Interview with Claire Luana:
Today I’m excited to share the work of another YA author, Claire Luana. Claire’s book, Moonburner, is right up my alley and I hope you all will think so, too! So, let’s get to it!
What inspired you to write your first book?
My husband and I were on our honeymoon and talking a lot about life. He asked me what I would do if I could do anything. I realized the answer was to write a novel. So I figured I should just go ahead and do it!
Tell us about your book!
In the country of Kita, the sentence for being a female sorceress—a moonburner—is death. So when the main character, Kai, is exposed as a moonburner, she is forced to escape to neighboring Miina, where moonburners are revered and trained as warriors. But the moonburner citadel is not the place of refuge and learning that Kai imagined. The ongoing war against the male sorcerers, or sunburners, has led the citadel leadership down a dark path that could spell the end of all burners. After uncovering an unexpected secret in her own heritage, Kai realizes that she may be the one person able to bring peace to the two warring countries.
How did you come up with the title?
I worked for several months outlining a trilogy of novels. But every time I started writing, I got stuck. I had another idea hanging around in the back of my mind and I decided to give into it. Within about 10 minutes I had a one-page outline of the plot and the title for Moonburner, my first novel. I think it’s really true what they say about the muse striking you!
Of the characters you have created or envisioned, which is your favorite & why?
Quitsu! My protagonist, Kai, has an animal companion, a magical talking fox named Quitsu. He was definitely the comic relief, and I had a lot of fun writing his snarky comments.
Is there a message in your novel that you want readers to grasp?
That the world isn’t black or white, but shades of grey. All the “good guys” aren’t good in the book, and all the “bad guys” aren’t bad. If Kai gave in to stereotypes and prejudices, she would have missed out on some of her greatest friends and allies. You have to gauge each person individually based on their character and actions, not because they belong in a particular gender, race, or political group.
What makes Moonburner different?
I think Moonburner is unique because the moral of the story isn’t good triumphing over evil. It’s about mutually assured destruction…if you can’t find a way to work together and coexist, you will both perish.
What do you enjoy most about writing?
I love the creativity of it. I’m a practicing lawyer for my full time job, and so I spend a lot of time being analytical and precise. I love the freedom to let my mind take me where it takes me with writing. I thought because I am such a type–A planner that I would be a “plotter,” making detailed outlines of every part of my book before I wrote a word. I found that in fact, I do much better when I let my creativity take the wheel. That has bwwween a very refreshing discovery.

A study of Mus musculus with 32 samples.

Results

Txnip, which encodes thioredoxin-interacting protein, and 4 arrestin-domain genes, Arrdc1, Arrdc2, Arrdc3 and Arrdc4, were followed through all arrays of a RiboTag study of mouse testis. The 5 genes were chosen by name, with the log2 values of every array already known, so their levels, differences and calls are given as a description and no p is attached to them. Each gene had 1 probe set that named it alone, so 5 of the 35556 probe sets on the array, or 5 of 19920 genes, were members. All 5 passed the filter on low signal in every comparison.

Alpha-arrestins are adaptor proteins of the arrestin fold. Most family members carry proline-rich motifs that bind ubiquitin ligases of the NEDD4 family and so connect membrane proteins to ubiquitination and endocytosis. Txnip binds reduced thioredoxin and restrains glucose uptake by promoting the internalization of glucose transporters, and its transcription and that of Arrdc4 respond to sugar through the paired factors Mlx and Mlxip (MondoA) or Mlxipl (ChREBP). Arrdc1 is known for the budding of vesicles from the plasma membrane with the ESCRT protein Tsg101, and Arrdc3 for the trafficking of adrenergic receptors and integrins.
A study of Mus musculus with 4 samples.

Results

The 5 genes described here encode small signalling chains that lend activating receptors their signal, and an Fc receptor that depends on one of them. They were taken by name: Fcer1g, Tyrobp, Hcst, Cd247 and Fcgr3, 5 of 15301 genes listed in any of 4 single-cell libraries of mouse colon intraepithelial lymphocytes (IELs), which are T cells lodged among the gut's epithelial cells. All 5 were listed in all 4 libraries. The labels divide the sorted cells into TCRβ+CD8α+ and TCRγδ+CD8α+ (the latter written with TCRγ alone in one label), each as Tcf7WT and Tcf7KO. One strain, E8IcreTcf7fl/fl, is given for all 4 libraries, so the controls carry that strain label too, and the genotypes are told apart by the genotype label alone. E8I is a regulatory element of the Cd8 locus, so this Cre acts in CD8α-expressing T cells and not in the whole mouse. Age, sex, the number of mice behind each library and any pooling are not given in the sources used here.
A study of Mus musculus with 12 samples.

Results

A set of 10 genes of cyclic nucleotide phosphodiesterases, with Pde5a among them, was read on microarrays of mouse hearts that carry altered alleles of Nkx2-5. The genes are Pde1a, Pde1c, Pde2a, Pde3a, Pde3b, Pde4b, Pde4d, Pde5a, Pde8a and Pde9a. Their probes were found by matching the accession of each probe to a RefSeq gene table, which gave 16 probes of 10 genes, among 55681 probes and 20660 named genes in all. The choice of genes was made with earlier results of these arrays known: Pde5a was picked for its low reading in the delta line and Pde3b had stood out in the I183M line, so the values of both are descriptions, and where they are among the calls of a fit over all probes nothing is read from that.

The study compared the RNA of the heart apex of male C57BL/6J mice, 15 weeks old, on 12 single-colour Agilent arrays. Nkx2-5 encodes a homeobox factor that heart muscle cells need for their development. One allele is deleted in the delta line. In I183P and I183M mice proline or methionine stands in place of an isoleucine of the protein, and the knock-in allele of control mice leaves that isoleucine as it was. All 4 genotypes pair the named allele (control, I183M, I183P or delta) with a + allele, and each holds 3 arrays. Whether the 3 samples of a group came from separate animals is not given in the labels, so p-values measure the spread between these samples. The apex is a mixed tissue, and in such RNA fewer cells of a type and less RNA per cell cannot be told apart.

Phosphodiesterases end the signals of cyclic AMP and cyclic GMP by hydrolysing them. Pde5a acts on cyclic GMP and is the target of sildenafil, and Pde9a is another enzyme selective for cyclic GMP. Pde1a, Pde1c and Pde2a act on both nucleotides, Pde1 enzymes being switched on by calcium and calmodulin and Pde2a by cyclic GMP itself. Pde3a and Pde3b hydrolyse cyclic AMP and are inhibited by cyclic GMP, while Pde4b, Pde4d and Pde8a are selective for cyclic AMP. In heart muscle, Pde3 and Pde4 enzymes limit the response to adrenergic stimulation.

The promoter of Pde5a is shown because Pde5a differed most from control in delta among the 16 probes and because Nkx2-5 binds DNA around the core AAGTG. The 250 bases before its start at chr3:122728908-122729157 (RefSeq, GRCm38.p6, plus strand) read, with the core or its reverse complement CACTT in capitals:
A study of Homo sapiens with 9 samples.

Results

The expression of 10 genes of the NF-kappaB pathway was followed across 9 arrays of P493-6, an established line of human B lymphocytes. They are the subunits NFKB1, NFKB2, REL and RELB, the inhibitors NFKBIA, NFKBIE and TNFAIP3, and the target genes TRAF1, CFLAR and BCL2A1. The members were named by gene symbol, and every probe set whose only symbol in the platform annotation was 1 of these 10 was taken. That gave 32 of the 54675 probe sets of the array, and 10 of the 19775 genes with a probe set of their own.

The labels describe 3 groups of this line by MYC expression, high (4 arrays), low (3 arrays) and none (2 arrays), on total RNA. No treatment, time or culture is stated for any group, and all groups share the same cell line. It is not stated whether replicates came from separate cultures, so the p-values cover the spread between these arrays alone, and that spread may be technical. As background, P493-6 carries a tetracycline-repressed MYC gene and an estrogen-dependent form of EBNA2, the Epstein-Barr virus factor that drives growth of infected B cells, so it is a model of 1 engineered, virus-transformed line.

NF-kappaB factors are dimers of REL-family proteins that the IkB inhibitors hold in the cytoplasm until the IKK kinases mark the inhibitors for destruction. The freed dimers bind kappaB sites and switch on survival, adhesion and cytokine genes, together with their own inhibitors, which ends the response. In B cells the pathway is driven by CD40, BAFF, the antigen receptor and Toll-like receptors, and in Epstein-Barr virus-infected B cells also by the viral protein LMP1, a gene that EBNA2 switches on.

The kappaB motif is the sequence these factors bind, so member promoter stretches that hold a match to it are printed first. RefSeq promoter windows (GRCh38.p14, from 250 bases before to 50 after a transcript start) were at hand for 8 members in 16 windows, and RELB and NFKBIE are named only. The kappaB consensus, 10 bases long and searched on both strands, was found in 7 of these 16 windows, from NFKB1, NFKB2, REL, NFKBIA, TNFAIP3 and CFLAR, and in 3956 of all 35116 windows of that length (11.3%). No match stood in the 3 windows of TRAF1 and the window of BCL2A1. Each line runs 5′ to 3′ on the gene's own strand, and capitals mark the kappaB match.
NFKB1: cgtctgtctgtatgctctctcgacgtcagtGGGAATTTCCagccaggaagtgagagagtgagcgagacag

What is your favourite theme/genre to write?
I have always loved to read and write fantasy. There is something about being taken away to another magical world that provides just the right escape I am looking for with a novel. My goal with Moonburner was to write a novel that I would enjoy reading.
What is the current status of Moonburner?
Moonburner is being published with Soul Fire Press, an imprint of Christopher Matthews Press. It debuts June 14, 2016. I am also currently editing the sequel, Sunburner, as well as a short novella, Burning Fate.
Reviews for Moonburner:
“I was first struck by the brilliant weaving of Japanese folklore into the very fabric of this story. The characters are strong, independent, and intensely likable. The storyline was engaging and action-packed; it whisks the reader away to another time and place, one full of magic and danger.” -Mags
“This was a refreshing take on a saturated genre, and I’m happy to say you’re in for a treat if you pick this up.” -Tally
He stood before the small basin of water, resting on a rickety table on the other side of the cabin and unwrapped their daughter. She was so beautiful. Even red and wrinkled, he could tell she had her mother’s fine hands, delicate but strong. She had his square jawbone. He wondered whether she would be as stubborn as he was in his youth. But he was delaying.
He plunged her into the water and held her there, his own heart hammering in his chest like a wild beast desperate to be set free. He began counting. Ten. She flailed under the water, her tiny limbs no match for his strong calloused hands. Thirty. At sixty, he could let her up. And try to save her. Fifty. Relief and hope began to well in him.
And then a bright white light exploded from his daughter. He stumbled back, throwing an arm over his eyes. She illuminated the cabin, shining silver light into cobwebbed corners and dusty crevices.
After a few seconds, the light died and his daughter was herself again. Tiny, pink, floating on top of the water peacefully. He and Hanae locked eyes. She had turned over and was half sitting up on her cot. The look of helpless horror on her face was mirrored on his own.
“I knew she would be,” Hanae said softly. “A moonburner. And a strong one.”
Where can you get it? Follow the links!
Publisher Link: http://christophermatthewspub.com/moonburner/
And how can you find out more about Claire? Right here!